Purchasing your first car, whether new or old, can be an exciting and stressful time.
My first car was a 2005 Mitsubishi Lancer with over 100,000 miles.
It was black, had a spoiler on the back, and was a bit retro to me. I liked it.
The car only cost me $3,000 to own. But the maintenance that came afterward shocked me.
Most people don’t tell you that getting a used car means more maintenance. However, this is something to consider if you’re considering the best option financially and safety-wise.
Pros of Used Vehicles
- It’s typically a lot cheaper than buying a brand new car. You can pay it in cash without taxes and extra BS involved in a purchase.
- Any damages that may happen to your used vehicle won’t break the bank. Of course, you’ll have to buy a new one, but at least you didn’t drop a lot of money on it.
- Depending on your car taste, you may like the more retro/vintage style cars from years prior.
Cons of Used Vehicles
- Your car won’t be the newest, most incredible, or most desired car out on the roads, but it gets you from point A to B.
- Maintenance costs can rack up simply because it’s old and beat down. Don’t be surprised when you have to drop a couple hundred bucks on repairs throughout its lifespan.
- There will always be things you wish were better — it had better air conditioning, better speakers, or wasn’t so bumpy on the roads.
Pros of Owning a New Vehicle
- You get a fresh start. Nobody else has put wear and tear on your vehicle, just you. So everything from this point on is your responsibility. Take care of it, and it’ll last you quite some time.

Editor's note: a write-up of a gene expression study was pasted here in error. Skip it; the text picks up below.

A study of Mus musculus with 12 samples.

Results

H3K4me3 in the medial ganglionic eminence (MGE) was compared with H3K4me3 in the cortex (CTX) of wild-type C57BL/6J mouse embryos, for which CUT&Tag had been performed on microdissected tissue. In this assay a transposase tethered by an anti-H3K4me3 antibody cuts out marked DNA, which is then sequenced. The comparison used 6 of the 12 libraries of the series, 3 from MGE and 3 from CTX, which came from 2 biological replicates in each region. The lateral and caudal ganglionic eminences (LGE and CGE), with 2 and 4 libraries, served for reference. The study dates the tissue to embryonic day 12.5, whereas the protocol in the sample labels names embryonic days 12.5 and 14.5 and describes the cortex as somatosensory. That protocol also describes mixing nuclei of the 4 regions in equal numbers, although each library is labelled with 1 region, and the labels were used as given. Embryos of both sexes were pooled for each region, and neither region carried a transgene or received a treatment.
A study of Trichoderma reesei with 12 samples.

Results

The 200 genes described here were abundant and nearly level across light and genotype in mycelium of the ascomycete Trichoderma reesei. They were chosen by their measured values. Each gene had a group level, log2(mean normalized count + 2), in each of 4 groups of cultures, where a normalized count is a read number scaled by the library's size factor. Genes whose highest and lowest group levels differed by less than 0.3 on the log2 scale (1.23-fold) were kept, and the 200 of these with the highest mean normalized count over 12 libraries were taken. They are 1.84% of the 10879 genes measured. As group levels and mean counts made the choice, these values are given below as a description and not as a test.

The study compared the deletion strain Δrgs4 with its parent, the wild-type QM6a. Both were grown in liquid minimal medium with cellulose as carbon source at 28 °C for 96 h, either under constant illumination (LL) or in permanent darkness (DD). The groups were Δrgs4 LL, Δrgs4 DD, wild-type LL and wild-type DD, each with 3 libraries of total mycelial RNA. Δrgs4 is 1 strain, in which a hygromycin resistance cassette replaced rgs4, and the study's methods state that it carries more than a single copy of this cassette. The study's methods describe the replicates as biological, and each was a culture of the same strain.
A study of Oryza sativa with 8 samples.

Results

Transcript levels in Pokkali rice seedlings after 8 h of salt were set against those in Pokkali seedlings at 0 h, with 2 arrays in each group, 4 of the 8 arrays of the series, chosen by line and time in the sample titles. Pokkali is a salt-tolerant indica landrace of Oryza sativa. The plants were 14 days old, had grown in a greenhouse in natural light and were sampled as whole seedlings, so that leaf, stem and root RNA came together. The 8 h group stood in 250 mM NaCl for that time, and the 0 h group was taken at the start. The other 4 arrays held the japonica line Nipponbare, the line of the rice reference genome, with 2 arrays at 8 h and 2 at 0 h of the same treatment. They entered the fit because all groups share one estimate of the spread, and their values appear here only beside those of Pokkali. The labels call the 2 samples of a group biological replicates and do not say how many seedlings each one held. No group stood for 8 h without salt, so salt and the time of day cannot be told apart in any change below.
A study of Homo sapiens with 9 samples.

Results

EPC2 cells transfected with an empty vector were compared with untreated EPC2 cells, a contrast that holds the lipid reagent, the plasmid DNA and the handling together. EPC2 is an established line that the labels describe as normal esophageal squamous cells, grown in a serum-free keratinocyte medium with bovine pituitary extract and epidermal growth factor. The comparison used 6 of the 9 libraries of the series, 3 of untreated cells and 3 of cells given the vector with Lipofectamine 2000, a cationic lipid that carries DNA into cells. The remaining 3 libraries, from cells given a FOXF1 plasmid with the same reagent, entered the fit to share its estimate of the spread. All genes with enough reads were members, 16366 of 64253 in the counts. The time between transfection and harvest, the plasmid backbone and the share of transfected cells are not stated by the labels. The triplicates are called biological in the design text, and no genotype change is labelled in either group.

- Everything is new! Your vehicle has all the bells and whistles that an up-to-date vehicle could possibly have. You may feel like it’s a low-key flex too,
- Maintenance repairs are less frequent (assuming you’re safe). If you take good care of your car, you’ll save a lot of money despite paying a high price tag for the vehicle itself.
Cons of Owning a New Vehicle
- Car payments are now a thing for you, interest, and higher auto insurance. You pay these premiums to own a safe, new, reliable vehicle.
That’s it. Just car payments. Other than that, it’s pretty sweet to own a new vehicle.
The Big Takeaway
Start with your financial situation. Do you have a fair amount of money saved up? ($5,000 at least) where you can put a significant downpayment in the beginning?
Great. Head to a dealership, sign for one on your own or cosign with someone who trusts you, but don’t make them regret it.
Are you happy with a used vehicle? Then, go for it — Especially if you enjoy working on cars.
Safety is the main priority. If you can get from point A to point B safely, that’s what matters most.